February 8, 2019 was the 2nd Anniversary of Rivers Casino at Mohawk Harbor. As we’ve previously reported, all increased gambling revenue at Schenectady’s Rivers Casino during its second year of operation came from Slots/ETG play, which were up almost 15%, while table games and table poker had reduced revenue. Here’s the breakdown, using the Monthly Reports made by Rivers to the NYS Gaming Commission:
A comparison of the two Rivers Anniversary Months, February 2018 and February 2019, shows the same relationship as the revenue figures in its first and second years of operation: All added revenue is coming from slots:
We can see, then, that the worrisome trend continued into the first month of the 3rd Year of Operation for Rivers Casino, despite Anniversary Month efforts to promote Poker and Table Games [see, e.g., Casino LED screen at right].
Is Rivers Casino turning into that cursed form of urban “development,” a mediocre regional casino attracting predominantly local patrons who can least afford to gamble, and siphoning off entertainment dollars that were once spread across the local market for leisure activities — and, with no palatable solutions in sight?
No matter what you call this phenomenon — “slotsification”, “slotsploitation”, “Slotsnectady”, etc. — we should be concerned, because slots are the most addictive form of casino gambling. Slots also appeal more than other forms of casino gaming to many members of the most vulnerable groups of prospective gamblers, seniors and the elderly and low-income.
Just in time for the 2nd Anniversary of Rivers Casino operating at Mohawk Harbor, the State Comptroller Thomas DiNapoli issued a 17-page Audit report the first week of February which concluded that the State has failed to assess the human toll of its gambling expansion and needs to better understand the problem, so that its limited resources can be best used to prevent and treat gambling addiction. The stated purpose of the report, “OASAS Problem Gambling Treatment Program (Report 2018-S-39, Feb. 2019), was “To determine whether the Office of Alcoholism and Substance Abuse Services (OASAS) has sufficient treatment programs for problem gamblers.” See, a Gazette article (Feb. 7, 2019), and related column by Sara Foss. ; and a Times Union article and editorial. It seems clear, that we need to understand who is playing slots at Rivers Casino and how we can help assure that having a casino in our midst does not spread the infection of problem gambling in our community.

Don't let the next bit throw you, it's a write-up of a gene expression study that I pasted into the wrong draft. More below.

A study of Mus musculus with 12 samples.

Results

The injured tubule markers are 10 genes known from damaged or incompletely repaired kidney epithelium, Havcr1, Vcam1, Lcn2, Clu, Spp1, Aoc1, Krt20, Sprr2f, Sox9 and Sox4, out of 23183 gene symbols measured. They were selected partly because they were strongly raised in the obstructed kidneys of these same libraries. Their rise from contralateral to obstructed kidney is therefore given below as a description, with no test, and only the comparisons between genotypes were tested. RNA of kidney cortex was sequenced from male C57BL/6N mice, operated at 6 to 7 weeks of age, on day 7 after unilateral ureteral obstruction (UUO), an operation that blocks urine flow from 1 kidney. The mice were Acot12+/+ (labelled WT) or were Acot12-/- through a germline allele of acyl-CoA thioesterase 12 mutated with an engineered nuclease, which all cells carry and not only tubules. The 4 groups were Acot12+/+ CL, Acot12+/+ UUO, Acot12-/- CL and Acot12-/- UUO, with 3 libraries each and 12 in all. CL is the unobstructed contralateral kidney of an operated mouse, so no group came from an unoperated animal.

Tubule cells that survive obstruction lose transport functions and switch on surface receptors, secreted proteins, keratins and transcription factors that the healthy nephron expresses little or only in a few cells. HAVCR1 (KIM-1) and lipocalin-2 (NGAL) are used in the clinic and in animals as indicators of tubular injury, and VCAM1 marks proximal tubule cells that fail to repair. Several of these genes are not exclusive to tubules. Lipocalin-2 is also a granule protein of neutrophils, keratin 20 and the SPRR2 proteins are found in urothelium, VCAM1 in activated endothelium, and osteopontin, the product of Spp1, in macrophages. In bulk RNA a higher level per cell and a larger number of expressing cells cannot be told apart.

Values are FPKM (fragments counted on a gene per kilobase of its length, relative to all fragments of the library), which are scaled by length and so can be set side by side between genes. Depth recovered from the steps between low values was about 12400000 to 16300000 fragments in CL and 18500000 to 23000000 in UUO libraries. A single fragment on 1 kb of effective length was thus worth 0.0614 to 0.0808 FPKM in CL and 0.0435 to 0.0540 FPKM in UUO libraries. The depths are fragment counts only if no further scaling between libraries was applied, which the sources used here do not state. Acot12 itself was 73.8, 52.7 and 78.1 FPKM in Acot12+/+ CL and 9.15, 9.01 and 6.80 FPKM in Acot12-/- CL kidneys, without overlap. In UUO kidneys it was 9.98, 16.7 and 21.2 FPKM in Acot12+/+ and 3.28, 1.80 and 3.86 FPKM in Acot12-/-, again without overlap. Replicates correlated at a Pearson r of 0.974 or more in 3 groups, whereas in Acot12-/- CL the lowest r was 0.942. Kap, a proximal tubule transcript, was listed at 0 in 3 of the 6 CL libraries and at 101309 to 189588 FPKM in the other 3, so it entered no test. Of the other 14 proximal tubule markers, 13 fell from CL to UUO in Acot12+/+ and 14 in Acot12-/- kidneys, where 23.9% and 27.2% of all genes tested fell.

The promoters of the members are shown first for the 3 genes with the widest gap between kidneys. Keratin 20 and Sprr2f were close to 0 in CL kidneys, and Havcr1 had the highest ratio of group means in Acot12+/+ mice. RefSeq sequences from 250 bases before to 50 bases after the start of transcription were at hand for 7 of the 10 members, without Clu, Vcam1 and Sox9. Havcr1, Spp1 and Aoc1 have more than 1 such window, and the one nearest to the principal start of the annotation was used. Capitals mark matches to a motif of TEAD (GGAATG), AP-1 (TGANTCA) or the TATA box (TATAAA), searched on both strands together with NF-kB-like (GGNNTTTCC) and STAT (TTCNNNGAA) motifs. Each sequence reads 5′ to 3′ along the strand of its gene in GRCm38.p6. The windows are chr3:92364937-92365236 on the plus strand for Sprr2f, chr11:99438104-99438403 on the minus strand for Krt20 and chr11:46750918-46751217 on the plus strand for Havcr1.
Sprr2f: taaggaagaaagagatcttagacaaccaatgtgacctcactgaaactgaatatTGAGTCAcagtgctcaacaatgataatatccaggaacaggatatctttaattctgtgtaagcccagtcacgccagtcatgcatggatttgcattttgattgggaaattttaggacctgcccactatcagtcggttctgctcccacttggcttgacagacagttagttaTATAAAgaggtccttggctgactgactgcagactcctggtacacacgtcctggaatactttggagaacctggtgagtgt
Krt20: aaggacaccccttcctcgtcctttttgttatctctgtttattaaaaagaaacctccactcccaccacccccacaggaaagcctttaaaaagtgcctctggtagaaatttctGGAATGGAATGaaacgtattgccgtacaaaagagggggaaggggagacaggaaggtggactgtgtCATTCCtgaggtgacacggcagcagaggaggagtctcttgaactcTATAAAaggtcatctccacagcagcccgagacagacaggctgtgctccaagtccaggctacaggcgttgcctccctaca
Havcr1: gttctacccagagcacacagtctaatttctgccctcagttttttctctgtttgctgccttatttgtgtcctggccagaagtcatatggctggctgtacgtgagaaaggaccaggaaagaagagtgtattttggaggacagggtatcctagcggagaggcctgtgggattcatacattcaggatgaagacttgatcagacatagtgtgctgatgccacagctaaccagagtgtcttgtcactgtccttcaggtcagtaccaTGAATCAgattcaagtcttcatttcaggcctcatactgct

As we noted in our posting “slotsification on the Mohawk“:
It may be merely a coincidence that this is happening after Rivers Casino operated for a year in Schenectady, but “Studies by a Brown University psychiatrist, Robert Breen, have found that individuals who regularly play slots become addicted three to four times faster (in one year, versus three and a half years) than those who play cards or bet on sports.” From “Slot Machines Are Designed to Addict” (New York Times, October 10, 2013, by Natasha Dow Schüll).
We also noted in that post:
Whatever the cause, Slotsification will increase the social costs to individuals, families and the community from having this Casino in our midst. If the portion of Rivers Casino revenue from slots keeps growing, it will surely lead to the very situation casino opponents most feared: Significant growth in problem gambling and all its consequences, but with a disappointing boost in revenues for the City and County, far less than our “leaders” promised when selling the project and deciding to take the risk of inviting an urban casino to Schenectady.
March is Problem Gambling Awareness Month, and we will soon be posting a piece about Problem Gambling and Slots.